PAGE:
I am 25 years old and looking for the next big career step. I currently work as an account manager - most of my day is customer service related work. There is little room for growth and it isn't what I want to do long term. My ultimate goal is to transition into the IT field and my dream job is to work as a Sys Admin.

    I have a BS in Biology and a lot of student debt already so I wouldn't be eligible for any more financial aid for undergrad education. I also have a family to support and cannot quit my day job, so any educational pursuits would need to be done online and in an affordable manner. Unfortunately my local community college doesn't offer any of their CS courses online or at night

    I am studying for the MCSA certification and it is also my goal to get the CCNA, CompTIA A, and CompTIA Network+ certs. I am also currently learning basic programming and scripting (still have a lot to learn).

    I realize that after I get some certifications and programming under my belt I should be well on my way to gaining some experience and hopefully landing a job in IT. I have been told by several IT professionals that a degree in CS isn't necessary. But, for advancement purposes and my own personal goal of getting a master's some day, a MS in CS or something similar is ultimately what I think I should pursue.

    What is currently the most affordable route to get a BS in Computer Science and MS in Computer Science, or something similar? I am not really sure where to start. I have looked at the TESU CIS degree, but it does not look like it would allow me to get into a master's program which is a personal goal of mine. Please share your thoughts and stories!!!

    AJ_Atlanta is offline Knight Champion

    Now if you are interested in being that SEM perhaps a different degree would be better, but computer science is more about building computers than operations or programming (unless you want to create your own language) - you would want to look as CIS or IT degrees


    If certifications and continued education through those (mostly free) means would be sufficient for getting an entry level job for now perhaps that is what I should focus on.

    I was worried that if I cannot get a MS in Computer Science that it would prohibit my ability to grow career-wise later in life.


    No offense to degree holders - but at some point the value of an IT degree is that you had the discipline to earn one and that you valued learning. Technology moves all the time, it's continuing education (and to some degree certs) that I valued. Well that and soft skills, hence why I liked business degrees. The people that moved beyond keyboard jockey were the ones that could communicate with the business units and understand their needs. Technology (no matter how cool) is a tool for competitive advantage or minimizing costs, the folks who got that moved ahead.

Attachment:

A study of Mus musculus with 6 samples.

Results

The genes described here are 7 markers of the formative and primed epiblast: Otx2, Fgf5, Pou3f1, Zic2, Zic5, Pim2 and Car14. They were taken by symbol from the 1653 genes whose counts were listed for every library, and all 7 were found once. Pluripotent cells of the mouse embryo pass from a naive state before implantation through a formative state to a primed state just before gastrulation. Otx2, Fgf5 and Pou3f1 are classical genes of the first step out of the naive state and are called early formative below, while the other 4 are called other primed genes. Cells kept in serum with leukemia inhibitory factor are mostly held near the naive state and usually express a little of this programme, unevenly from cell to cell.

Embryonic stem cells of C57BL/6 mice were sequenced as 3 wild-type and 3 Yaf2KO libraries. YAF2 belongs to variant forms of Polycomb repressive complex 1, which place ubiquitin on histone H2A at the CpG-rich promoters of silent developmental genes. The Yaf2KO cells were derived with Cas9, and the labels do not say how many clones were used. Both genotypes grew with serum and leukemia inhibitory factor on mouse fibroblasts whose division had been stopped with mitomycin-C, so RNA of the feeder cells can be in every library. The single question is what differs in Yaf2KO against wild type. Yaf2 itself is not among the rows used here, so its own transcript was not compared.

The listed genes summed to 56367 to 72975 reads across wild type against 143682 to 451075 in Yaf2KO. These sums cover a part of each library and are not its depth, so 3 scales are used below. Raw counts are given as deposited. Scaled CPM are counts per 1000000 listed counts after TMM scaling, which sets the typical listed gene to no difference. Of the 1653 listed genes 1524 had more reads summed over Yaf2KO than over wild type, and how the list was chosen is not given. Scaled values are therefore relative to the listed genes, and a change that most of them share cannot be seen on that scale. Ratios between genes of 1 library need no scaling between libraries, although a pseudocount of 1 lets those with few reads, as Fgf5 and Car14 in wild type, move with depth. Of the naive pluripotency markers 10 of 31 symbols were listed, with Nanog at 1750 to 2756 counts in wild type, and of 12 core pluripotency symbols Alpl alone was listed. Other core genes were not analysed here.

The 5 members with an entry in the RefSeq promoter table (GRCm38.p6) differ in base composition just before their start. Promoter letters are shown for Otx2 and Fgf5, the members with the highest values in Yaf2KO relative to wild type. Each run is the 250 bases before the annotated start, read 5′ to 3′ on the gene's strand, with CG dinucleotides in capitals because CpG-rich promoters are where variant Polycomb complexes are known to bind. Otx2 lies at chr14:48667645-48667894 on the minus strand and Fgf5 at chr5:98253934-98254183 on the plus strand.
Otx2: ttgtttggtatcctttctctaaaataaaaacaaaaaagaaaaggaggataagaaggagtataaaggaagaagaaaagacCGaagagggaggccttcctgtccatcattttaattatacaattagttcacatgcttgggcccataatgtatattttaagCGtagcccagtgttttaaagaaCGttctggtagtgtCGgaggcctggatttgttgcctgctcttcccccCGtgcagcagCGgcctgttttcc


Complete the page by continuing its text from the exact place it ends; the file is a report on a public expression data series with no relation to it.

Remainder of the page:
my .02


    Thank you for sharing your 2 cents! It is very similar to the advise I received from someone close to being the Chief IT Officer at their company. They said to focus on certifications first and self-study, get an entry level job and go from there. Basically, worry about the rest later =)
    You are most welcome. At some point I think that MBA with CIS focus would help you out, never stop learning but don't let it stop you from actually doing


    As far as degrees, experience trumps all. But my HR requires job candidates to have degrees in specific majors at my work as a way to weed out resumes automatically. I can't rescue resumes from otherwise brilliant folks with no degrees or degrees in liberal arts as a major. This is where the checkbox degree is important. TESU has a CS-lite degree where you can plug in MIS courses that is good for the HR checkbox and little else. WGU has a bunch of excellent IT degrees that come with certs. The certs are useful at the beginning of your career, but pretty worthless after that except in corner cases like DoD.

    The problem with the MSCS is that it is very difficult, expensive (except Georgia Tech OMSCS), and time consuming just to clear prerequisite courses like linear algebra, software engineering, etc. Then you have to do the MSCS which can take five years. Unlike WGU's master degrees in IT which an be completed quickly by experienced IT folks, you won't be able to accelerate most MSCS degrees due to the mountain of work. The OMSCS is the affordable part-time option, but plan on a huge sacrifice in time for the next four to five years.
    JTP, jsd and AJ_Atlanta like this.
    TESU BA CS and Math (graduated December 2016)
    Courses/exams for both CS and Math: SL Calc 1, SL Calc 2, APU Linear algebra, TESU capstone
    Courses/exams for CS: TESU Computer Architecture, DSST MIS, DSST cybersecurity, CSU-Global System Analysis, rest B&M courses from the past
    Courses/exams: TESU College Geometry, TESU Mathematical Modeling, edX differential equations (2 courses), rest B&M courses from the past


    ^link for the Gorgia Tech program TrailRunr referenced. Really neat program, but very technical if sysadmin is your end goal.
    B.S. Cybersecurity - COSC - August 2016
    A.S. - COSC - May 2015

    Next Goal: MS CSIA From WGU


    It is unfortunate that the HR department would weed otherwise strong candidates with a non CS degree, but I can understand why that is their strategy. I also find it interesting that you think certs are worthless at a certain point. I have heard the exact opposite from people I have also asked for their thoughts (including IT managers and top tier techs).


    For now, my gut says to start with certifications and self-study and see if I can get an entry level job that way. Then, once I am working in tech I can hopefully have a better perspective on the necessity (or not) of a second bachelor's, master's, or just further certifications.